Thursday, October 1, 2015

Book Review: Hidden Mountain, Secret Garden

The stack of books I'm trying to read is much larger than what my calendar allows for. When I do actually finish a book though, I want to use the blog to tell you what I thought about it. I'm happy to lend this or any other book in my library if you live near me and don't look like a hooligan.


I had been working at Hidden Mountain, Secret Garden for a long time and only recently finished it. It was written by Dr. Anthony Lilles, a former professor who taught my spiritual direction and spiritual theology courses. Dr. Lilles's lessons opened me to the depths that are possible in the spiritual life so anything he publishes is sure to find it's way onto my shelf.

I took a while to finish the book not because the book is especially big or difficult, but rather because I wanted to savor it. Dr. Lilles has spent his life studying prayer, but more importantly, he's spent his life growing in love and friendship with the Lord. He explains the title on page one:
"Prayer seeks out a hidden mountain; it searches out a secret garden. The mountain is the presence of the Lord. The garden is friendship with Him. The prize is priceless. In this quest, no sacrifice is too costly. The make this journey is the reason we were made."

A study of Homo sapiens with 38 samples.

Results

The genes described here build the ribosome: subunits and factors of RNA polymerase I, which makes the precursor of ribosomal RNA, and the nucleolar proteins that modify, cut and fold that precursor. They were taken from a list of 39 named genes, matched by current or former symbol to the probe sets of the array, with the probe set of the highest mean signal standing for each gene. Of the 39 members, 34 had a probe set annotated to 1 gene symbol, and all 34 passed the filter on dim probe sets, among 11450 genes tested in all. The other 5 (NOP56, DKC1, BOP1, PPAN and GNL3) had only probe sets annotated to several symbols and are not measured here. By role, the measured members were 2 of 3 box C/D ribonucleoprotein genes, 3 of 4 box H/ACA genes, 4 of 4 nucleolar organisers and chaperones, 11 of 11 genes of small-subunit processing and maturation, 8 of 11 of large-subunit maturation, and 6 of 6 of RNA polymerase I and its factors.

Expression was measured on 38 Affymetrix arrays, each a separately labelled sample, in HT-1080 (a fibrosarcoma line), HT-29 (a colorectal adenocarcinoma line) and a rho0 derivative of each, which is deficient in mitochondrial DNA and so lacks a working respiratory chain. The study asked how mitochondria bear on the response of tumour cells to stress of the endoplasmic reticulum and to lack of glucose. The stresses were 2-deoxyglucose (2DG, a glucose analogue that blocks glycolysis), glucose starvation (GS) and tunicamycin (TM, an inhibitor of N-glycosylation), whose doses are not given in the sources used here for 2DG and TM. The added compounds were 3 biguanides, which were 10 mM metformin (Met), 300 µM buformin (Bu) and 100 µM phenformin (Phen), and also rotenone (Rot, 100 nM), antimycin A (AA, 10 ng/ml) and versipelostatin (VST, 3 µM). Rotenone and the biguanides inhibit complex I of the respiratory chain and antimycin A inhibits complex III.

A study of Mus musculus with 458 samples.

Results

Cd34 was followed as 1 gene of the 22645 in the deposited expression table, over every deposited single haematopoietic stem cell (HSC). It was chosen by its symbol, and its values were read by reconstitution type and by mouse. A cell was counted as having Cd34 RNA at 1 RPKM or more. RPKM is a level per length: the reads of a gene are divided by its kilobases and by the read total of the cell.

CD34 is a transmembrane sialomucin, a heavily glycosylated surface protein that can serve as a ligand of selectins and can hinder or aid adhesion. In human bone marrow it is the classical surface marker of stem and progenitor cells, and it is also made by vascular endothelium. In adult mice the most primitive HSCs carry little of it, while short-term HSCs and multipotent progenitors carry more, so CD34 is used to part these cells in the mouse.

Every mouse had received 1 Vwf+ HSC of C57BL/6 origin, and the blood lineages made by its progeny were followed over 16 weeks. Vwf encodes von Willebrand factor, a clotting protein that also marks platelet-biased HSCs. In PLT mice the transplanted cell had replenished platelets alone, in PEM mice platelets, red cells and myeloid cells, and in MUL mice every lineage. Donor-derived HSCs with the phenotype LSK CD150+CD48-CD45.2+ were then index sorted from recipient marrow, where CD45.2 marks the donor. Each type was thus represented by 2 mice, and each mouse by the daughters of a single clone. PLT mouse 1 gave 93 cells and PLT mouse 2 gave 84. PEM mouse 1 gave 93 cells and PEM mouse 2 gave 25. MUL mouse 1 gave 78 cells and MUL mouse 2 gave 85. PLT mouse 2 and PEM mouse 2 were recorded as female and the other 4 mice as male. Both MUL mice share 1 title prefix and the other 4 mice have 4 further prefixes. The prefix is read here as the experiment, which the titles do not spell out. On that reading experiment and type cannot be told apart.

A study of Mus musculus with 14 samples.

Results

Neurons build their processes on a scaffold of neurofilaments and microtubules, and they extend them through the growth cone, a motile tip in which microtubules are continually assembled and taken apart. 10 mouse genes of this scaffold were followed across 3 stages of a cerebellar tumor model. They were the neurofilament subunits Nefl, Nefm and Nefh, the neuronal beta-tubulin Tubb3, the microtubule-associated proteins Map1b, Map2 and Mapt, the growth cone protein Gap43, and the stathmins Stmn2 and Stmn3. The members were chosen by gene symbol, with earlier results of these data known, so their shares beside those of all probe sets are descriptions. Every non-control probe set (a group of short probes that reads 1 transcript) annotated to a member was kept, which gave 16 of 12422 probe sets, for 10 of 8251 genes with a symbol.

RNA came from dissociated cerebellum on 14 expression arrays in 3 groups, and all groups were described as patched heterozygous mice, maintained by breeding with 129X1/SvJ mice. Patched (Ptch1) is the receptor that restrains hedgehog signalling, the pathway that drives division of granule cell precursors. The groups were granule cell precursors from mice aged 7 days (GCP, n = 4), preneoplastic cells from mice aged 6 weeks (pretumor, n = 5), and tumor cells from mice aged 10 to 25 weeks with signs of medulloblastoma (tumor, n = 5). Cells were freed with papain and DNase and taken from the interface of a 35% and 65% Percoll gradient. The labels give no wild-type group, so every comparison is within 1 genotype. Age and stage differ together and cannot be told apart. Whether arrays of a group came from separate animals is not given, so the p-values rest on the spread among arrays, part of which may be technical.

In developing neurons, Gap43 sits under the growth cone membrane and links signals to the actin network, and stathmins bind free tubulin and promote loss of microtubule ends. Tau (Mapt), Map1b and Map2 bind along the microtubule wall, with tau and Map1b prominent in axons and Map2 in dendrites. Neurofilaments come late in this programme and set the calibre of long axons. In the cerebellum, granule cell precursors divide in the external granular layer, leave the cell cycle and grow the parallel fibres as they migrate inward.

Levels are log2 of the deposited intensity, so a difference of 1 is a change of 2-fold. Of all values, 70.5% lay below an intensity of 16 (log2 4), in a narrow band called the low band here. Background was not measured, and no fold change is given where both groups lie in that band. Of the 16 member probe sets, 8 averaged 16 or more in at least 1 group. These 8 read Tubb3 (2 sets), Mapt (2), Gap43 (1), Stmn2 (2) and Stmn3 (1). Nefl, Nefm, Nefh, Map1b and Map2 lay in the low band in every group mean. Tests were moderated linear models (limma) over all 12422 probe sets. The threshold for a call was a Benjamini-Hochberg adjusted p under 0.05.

With this introduction, Dr. Lilles takes you on a journey describing what is possible in prayer. I worry that many of us think that prayer is simply closing our eyes really tight and thinking pious thoughts. But prayer can and should be much more than that. Prayer should be friendship with the One who desperately longs to have a friendship with us, with the one who is so desperate for our friendship that He died to have it.

Dr. Lilles explains that prayer isn't easy, but it's worth the fight. His sixth chapter, Prayer as Spiritual Combat, explains that there are forces both internal and external that oppose you in your battle for friendship with God. If you commit to the battle, the devil will definitely, not probably, lay snares to discourage you. He doesn't want you to have this friendship. And if you commit to the battle, the weakness of our own human flesh soon interferes. We become bored or jaded because we don't see "results" like we think we should. But prayer isn't like that. Prayer is a relationship. Prayer changes our lives, but usually in imperceptible ways.

Towards the end of the book, Dr. Lilles teaches that our prayer is not superfluous, but rather a crucial part of God's plan. He doesn't act until we ask, even though he knows what we need even before we ask. This is because he wants us to participate in his creation and in his redemption of this creation. He wants us involved! So we pray.

After being in three of Dr. Lilles's classes and now having read his book, my suspicion that he is brilliant is confirmed yet again. His thought isn't always easy to follow, but it's worth the work. Dr. Lilles knows God and he knows the human soul, and his work on prayer, that secret meeting between the two, is well worth reading.